Groundless optimism


Kim Jung-ki

The author is an emeritus professor of journalism at Hanyang University.

The restaurant owner took our call canceling a Friday dinner booking with a dejected and worn-down tone as it had not been a surprise under the most rigid social distancing rules to date in the capital region. Gatherings of more than two people are banned from 6 p.m. for two weeks from Monday. My wife who was calling off the dinner with her mother said she had heard a sigh over the phone. Self-employed stores who live everyday by serving customers are at wit’s end with no sign of end in distancing guidelines. Self-employed businesses cannot understand why they should be the biggest victim in an uphill battle with the coronavirus.

It does not take an expert to understand the Covid-19 mitigation manual — social distancing, wearing masks, treatment for patients, vaccination,s aid for people in distress from the virus outbreak and establishing public trust in quarantine actions and easing public anxieties. After trial and error, the first two have become familiarized through government endeavors and matured citizenship. Medical care also cannot be complained about thanks to devotion of doctors, nurses and test administrators. But vaccinations, relief grants and confidence in quarantine measures remain questionable due to the flip-flops and unreliable policy that only aggravates public scare. This is because the government has failed to play its role well.

Vaccinations are the fundamental defense against the novel coronavirus. But due to failure in early procurement, the vaccine program has been progressing at a snail’s pace and causing confusion in the bookings for jabs. Despite the showy videoconference between President Moon Jae-in and the Moderna CEO to announce delivery of doses sufficient enough to cover 20 million people, Moderna only gave 2 percent of the vaccines it promised to. People are waiting for their time for the shots as if wishing for rain in a never-ending drought. Vaccines will arrive one day, but it is frustrating to endure so long wishfully thinking.

Relief grants are being stalled due to the wrangling over whether to hand out them to all or to all but the richest 20 percent. Political parties are still disputing over their verbal agreement on a universal handout. The people are like the fish choking and flapping deprived of water, and yet lawmakers are arguing about to whom and how much water to give to out of political calculation. We are in a pitiful state, watching the legislature looking at the finger pointing to the moon instead of the moon.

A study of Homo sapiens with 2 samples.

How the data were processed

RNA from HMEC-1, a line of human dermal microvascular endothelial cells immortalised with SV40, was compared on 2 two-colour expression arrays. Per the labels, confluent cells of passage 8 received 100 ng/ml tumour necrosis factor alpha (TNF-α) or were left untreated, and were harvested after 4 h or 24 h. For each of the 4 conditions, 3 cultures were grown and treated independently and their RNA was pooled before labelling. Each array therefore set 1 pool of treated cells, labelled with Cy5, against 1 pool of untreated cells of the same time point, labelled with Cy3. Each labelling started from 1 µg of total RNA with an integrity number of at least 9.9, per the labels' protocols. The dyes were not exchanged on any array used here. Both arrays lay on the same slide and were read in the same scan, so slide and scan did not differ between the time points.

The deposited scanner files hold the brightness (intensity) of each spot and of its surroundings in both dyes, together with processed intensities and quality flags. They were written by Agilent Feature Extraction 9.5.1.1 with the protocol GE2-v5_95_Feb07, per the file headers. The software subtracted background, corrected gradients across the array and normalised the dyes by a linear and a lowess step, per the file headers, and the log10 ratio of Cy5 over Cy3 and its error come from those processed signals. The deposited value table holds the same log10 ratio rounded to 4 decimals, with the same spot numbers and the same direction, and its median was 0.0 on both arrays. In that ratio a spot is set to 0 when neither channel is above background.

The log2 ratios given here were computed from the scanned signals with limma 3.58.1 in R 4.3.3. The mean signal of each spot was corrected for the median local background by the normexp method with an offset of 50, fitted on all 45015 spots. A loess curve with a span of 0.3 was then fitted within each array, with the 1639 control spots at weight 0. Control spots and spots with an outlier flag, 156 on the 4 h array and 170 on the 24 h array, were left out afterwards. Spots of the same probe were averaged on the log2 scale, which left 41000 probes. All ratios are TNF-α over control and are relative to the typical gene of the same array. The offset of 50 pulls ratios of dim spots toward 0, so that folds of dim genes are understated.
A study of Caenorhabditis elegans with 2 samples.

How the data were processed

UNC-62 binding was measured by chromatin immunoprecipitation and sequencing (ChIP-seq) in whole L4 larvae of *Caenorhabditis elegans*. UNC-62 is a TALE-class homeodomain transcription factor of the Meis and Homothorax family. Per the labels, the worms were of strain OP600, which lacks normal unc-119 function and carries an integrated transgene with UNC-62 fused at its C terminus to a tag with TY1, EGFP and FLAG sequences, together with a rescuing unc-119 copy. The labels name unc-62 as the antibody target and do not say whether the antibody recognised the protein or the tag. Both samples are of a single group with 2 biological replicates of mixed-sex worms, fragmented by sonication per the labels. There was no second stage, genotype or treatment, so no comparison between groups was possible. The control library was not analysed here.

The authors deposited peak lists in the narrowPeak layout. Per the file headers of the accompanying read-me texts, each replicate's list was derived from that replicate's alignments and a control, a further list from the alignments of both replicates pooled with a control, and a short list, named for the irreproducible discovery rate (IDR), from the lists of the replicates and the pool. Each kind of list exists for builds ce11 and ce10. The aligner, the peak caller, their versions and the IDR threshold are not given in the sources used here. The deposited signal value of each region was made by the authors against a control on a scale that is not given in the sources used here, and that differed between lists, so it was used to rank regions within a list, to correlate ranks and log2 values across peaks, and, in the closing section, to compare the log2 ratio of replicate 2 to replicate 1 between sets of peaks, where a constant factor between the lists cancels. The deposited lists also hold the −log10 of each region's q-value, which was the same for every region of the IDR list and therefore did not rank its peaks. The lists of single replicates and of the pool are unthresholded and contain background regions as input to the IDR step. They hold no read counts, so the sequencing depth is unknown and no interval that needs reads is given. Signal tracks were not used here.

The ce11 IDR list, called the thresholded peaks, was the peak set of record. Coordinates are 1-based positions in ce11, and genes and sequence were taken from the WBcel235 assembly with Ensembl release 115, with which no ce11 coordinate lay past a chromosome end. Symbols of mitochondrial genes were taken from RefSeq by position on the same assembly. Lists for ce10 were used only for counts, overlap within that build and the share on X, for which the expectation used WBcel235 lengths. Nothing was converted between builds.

The virus crisis that affects every public lives should not become an issue for political conflict or government propaganda. The government must stop the publicity campaign about a country showing an exemplary case of quarantine and setting the standard for infectious disease. It also must stop the irresponsible tantalizing with the promise of easing social distancing measure and the end of Covid-19.

The virus outbreak wave rose again every time the president publicly expressed confidence about winning the Covid-19 battle — first in February, then in August, then in December last year and the latest since July. The government and president’s perception of ongoing affairs and judgment are raising concerns. If the president had been briefed based on scientific studies and materials, he could not have misjudged every time. The presidential staff also cannot be relied on. The Blue House claims it has experts in every field and decisions are being made by collective intelligence. But someone has to take the responsibility for unsettling society for so long.

Health authority briefs on the development of the Covid-19 crisis every day and the media reports them daily. Still, the people could not access accurate information. The reports are ambiguous, and communication with the people has been lacking. Authorities must tell the people what is certain about vaccine program and what is not.

President Moon promised to communicate with the people and personally answer the questions on important issues. No issue is more important than Covid-19.